When the Zoological Society of London in July unveiled a $50m “rhino impact bond” the response was “off the charts”, according to Oliver Withers, the organisation’s head of conservation finance.
“It got to the point that we were not in a position to handle all the queries,” he said of the first such initiative dedicated to the protection of a species. “What it made clear to us is there is huge investor demand for conservation finance products.”
The excitement has spread beyond ZSL, which is the Financial Times’ 2019/20 seasonal appeal partner.
Credit Suisse, an investment bank that had expressed an interest in the bond, has become an adviser on the transaction and PwC, the auditing firm, has come on board. The scheme, which uses the “outcome payments””model that has been used to finance health and education, rewards investors if rhino populations in five targeted areas in South Africa and Kenya increase over five years.
Experts in conservation and finance say the reaction shows wildlife conservation finance, for decades largely the preserve of wealthy donors and governments, has massive potential to attract institutional investors, helped by growing public awareness of the delicate state of the planet.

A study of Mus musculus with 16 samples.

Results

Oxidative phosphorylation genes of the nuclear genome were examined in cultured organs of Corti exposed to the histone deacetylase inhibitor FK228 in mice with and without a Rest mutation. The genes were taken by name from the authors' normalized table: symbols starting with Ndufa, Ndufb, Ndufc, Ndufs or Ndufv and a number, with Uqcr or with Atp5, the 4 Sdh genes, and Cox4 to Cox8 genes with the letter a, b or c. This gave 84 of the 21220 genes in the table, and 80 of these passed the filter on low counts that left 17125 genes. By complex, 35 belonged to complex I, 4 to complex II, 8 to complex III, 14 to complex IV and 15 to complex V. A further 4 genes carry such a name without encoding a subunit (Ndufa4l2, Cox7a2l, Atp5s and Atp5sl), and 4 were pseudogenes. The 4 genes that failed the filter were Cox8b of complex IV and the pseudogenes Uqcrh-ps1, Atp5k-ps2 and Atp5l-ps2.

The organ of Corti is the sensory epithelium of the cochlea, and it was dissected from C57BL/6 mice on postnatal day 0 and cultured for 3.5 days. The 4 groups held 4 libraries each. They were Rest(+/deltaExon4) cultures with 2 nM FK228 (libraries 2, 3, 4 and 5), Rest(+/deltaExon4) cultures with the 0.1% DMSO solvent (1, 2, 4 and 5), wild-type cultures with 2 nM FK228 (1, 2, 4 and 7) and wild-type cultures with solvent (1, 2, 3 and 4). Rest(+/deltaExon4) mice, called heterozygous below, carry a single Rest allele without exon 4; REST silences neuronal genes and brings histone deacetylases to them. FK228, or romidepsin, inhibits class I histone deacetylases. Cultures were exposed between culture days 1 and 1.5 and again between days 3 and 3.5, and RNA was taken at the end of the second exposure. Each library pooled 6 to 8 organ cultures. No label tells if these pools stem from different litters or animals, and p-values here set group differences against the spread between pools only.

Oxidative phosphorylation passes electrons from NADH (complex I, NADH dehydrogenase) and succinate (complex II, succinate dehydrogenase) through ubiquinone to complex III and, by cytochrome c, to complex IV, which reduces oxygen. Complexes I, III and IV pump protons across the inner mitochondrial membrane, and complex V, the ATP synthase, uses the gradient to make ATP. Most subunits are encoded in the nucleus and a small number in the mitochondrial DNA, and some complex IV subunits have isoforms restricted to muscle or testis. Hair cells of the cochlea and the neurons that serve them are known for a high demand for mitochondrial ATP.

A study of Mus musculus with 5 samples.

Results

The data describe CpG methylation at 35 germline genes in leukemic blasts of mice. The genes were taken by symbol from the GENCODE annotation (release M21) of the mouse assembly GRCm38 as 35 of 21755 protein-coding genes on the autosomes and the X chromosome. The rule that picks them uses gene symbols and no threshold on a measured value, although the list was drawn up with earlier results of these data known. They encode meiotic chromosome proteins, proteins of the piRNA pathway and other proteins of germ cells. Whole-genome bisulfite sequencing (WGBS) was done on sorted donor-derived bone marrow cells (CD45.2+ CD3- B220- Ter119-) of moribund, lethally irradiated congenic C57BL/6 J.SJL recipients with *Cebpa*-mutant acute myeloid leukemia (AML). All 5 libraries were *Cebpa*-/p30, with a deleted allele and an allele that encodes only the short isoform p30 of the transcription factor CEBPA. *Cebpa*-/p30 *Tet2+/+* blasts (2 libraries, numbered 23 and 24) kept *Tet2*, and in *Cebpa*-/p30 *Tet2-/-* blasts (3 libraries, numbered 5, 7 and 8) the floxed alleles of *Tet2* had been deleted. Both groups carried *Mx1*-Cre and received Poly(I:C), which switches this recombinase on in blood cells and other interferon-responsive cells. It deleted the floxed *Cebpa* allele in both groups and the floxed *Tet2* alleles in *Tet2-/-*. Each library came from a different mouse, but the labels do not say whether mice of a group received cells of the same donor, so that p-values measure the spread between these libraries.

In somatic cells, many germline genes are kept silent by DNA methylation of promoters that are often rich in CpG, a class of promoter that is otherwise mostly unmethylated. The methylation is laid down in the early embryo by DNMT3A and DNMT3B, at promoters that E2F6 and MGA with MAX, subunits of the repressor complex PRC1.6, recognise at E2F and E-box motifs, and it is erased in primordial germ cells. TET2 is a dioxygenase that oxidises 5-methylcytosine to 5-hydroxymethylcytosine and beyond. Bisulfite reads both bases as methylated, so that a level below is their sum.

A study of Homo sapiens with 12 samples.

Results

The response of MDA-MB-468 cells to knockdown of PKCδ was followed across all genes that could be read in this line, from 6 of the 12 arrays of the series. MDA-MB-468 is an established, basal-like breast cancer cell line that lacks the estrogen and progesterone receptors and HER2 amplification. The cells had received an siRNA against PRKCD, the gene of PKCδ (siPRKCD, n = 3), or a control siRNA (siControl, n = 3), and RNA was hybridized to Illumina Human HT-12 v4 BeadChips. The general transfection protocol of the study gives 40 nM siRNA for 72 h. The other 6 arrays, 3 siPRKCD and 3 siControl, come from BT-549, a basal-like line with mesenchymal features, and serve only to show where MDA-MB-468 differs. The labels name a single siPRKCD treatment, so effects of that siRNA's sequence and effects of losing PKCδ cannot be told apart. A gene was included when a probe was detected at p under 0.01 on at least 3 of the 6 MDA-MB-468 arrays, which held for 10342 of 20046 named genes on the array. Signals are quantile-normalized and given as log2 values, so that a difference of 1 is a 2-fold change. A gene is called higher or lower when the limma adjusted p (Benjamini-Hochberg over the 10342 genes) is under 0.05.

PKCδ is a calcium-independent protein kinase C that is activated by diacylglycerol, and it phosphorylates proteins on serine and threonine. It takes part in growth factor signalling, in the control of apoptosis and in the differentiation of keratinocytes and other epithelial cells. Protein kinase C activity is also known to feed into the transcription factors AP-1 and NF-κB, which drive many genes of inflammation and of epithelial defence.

” I think we’re at the dawn of something new,” said Giles Davies, founder of Conservation Capital, the finance company arranging the rhino bond. “It’s been led by climate issues and a rushing realisation that something has to be done and everyone has to play a role.”
Nepalese women living on the edge of Suklaphanta national park were given seed funding and advice to buy smaller herds of more productive cattle and create sustainable pastures © ZSL
But they stress the response to the bond also highlights the challenges.
Marisa Drew, chief executive of Credit Suisse’s impact advisory and finance department, describes wildlife conservation as being at the “frontier of frontier investing”, even for people “who are investing for a return while also trying to achieve a positive outcome”.
A scarcity of mechanisms for institutional investors to deploy their capital and the difficulty of putting a monetary value on the environment are two of the main reasons for this, she said.
Tens of billions of dollars are invested in conservation annually, according to the Coalition for Private Investment in Conservation (Cpic), a global partnership of interested parties, but much of that is spent on forestry and water rather than wildlife. It estimates that more than $400bn is needed each year to reverse decades of declining populations.
The potential interest is also demonstrated by the rapid rise of green bonds and loans, most of which are focused on renewable energy, buildings and transport. These have increased from under $50bn globally in 2015 to more than $200bn in the first 10 months of this year, according to data from the Climate Bonds Initiative, a non-profit organisation.